Each week is important during a pregnancy, as the baby continues to grow and change day by day. But when it comes to 18 to 20 weeks, expecting mothers go in for an appointment they are most likely a little anxious about. It’s time for a full anatomy ultrasound scan.

It’s the chance for the physician to really be able to see how the baby is developing in the womb. We chatted with Dr. Brooke Chalk, at Novant Health Coastal OB/GYN &Midwifery - New Hanover to learn more about what you can expect.


As babies grow and develop, around 18 to 20 weeks we can really see so many more of the solid organs, heart, limbs, hands and even within the brain. It’s a really important scan. There is no radiation from an ultrasound and it is safe in pregnancy.

Why is this so important?

If baby has a birth defect, we often will find it during this ultrasound. With the general anatomy scan, we really want to know that everything is normal. There are some birth defects that we’d want to know about right at delivery because maybe those need immediate management by the neonatal intensive care unit or by a pediatrician or a surgeon.


Just because someone has an anatomy ultrasound that is completely normal, doesn't mean there is no birth defect. It just means that of the things that we can see, they look normal. We look at heart, lips, brain, spine, kidneys. We count the fingers and the toes, and actually the number of the bones in the fingers. Do the hands and the feet open and close? Are they at the right angles?

There are very subtle things that can be picked up on, but in addition to looking at the baby, we're also looking at the placenta, the amount of fluid around the baby. It takes about an hour for the ultrasonographer to complete this very detailed ultrasound.

If something abnormal is spotted in the scan, does that mean the baby will be born with that condition?

Some of that depends on what the abnormality is. An ultrasound image is created by the shadows we see as sound waves bounce back from the ultrasound probe to the tissue inside. The reason we can really see what's on the inside is because different tissues reflect these waves differently. The picture is of the shadows that are kind of glaring back.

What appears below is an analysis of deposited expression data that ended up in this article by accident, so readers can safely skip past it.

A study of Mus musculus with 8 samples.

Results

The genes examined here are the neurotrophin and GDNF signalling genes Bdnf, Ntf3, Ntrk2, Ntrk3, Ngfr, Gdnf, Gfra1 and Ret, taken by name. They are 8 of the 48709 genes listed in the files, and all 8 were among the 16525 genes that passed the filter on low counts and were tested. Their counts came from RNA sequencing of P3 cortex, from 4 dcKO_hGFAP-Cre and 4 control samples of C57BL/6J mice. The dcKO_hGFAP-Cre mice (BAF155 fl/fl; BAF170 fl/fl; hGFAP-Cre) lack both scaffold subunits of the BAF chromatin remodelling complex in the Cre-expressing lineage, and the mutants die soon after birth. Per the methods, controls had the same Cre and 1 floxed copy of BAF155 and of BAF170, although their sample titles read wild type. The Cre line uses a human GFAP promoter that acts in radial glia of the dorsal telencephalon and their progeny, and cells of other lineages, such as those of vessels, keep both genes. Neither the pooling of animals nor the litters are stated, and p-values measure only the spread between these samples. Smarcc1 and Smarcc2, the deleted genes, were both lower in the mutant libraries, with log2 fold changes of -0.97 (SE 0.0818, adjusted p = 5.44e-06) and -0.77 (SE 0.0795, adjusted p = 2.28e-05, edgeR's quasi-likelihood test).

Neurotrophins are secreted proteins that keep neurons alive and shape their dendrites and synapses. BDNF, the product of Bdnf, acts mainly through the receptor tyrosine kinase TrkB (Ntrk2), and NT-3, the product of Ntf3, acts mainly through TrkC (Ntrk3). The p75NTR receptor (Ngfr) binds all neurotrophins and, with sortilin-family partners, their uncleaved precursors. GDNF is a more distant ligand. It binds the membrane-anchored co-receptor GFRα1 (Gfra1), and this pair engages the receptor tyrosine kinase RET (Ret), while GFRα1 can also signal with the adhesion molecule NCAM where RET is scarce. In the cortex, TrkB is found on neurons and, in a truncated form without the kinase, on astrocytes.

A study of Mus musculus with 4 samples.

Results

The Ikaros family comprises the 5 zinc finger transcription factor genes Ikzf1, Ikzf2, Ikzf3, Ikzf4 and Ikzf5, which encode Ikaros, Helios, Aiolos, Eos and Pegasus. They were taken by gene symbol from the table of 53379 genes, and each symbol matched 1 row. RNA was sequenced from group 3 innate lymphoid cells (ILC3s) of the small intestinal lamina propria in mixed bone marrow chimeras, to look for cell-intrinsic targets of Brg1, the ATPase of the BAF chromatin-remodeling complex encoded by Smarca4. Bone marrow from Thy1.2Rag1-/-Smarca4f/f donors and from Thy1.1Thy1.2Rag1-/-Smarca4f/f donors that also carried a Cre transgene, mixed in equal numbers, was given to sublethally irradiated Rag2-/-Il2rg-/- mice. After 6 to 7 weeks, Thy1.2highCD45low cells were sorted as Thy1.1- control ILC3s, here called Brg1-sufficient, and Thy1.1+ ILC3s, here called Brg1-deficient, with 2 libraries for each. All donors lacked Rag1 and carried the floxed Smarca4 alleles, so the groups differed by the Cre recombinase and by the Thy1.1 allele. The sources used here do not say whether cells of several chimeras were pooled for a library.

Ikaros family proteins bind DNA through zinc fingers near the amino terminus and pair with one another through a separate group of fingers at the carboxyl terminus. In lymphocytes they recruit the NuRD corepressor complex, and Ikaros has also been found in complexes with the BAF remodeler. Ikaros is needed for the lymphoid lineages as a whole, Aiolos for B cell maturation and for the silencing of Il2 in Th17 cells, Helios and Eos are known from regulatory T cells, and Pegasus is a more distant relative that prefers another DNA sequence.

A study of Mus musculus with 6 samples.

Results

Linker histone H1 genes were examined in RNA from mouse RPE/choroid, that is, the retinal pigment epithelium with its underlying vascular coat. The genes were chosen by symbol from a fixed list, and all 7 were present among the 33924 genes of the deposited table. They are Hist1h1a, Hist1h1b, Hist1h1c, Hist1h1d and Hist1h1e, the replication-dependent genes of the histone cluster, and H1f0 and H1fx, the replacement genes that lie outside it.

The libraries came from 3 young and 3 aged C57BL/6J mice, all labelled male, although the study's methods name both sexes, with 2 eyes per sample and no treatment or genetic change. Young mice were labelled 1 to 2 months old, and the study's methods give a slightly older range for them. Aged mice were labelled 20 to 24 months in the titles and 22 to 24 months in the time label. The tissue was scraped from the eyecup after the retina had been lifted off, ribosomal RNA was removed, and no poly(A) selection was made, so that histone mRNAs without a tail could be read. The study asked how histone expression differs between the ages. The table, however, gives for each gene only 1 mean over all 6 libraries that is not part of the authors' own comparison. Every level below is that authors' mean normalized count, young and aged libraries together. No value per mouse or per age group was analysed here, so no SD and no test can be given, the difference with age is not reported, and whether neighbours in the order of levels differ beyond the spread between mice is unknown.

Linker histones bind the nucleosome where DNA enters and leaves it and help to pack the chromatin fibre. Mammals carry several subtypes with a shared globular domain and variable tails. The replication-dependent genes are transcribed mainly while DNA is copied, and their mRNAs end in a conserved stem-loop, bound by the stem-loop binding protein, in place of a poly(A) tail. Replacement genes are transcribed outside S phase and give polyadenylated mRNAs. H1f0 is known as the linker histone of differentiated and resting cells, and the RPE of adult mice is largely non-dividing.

So sometimes what we think we see on the ultrasound isn't always the case. For example, we see a little hole in the heart. What we don't know is, is that going to be a problem for the baby or not? Sometimes it is, and sometimes it isn't. Sometimes we see something that we're worried about, that turns out not to be a big deal.

Is there anything you can do if a condition is spotted?

There are a few conditions that can be managed, but most of the scans can just inform what the parents can expect about the baby or what kind of care the baby may need after delivery. The majority of the time everything looks normal. Most women get a good update.

Turning this into a more positive conversation, many Moms look forward to the full anatomy scan.

It's so exciting because people really get to see their baby! In earlier scans the baby is like a little gummy bear. It's still exciting when they’re tiny because you can see the little heartbeat. But this scan, it looks like a baby, and you can see it moving. You can really see the profile and the little arms and the hands and it really is neat. And for people who want to know the gender, a lot of times they get to find that out on this scan and that is exciting, too.

Is there anything else you would want expecting Moms at 18 to 20 weeks to know?

A lot of people around this time maybe start to feel a little bit better, as in they're not as fatigued or not as nauseated as they may have been in the beginning. Many pregnant people start to feel the baby move around this time as well, which is also fun.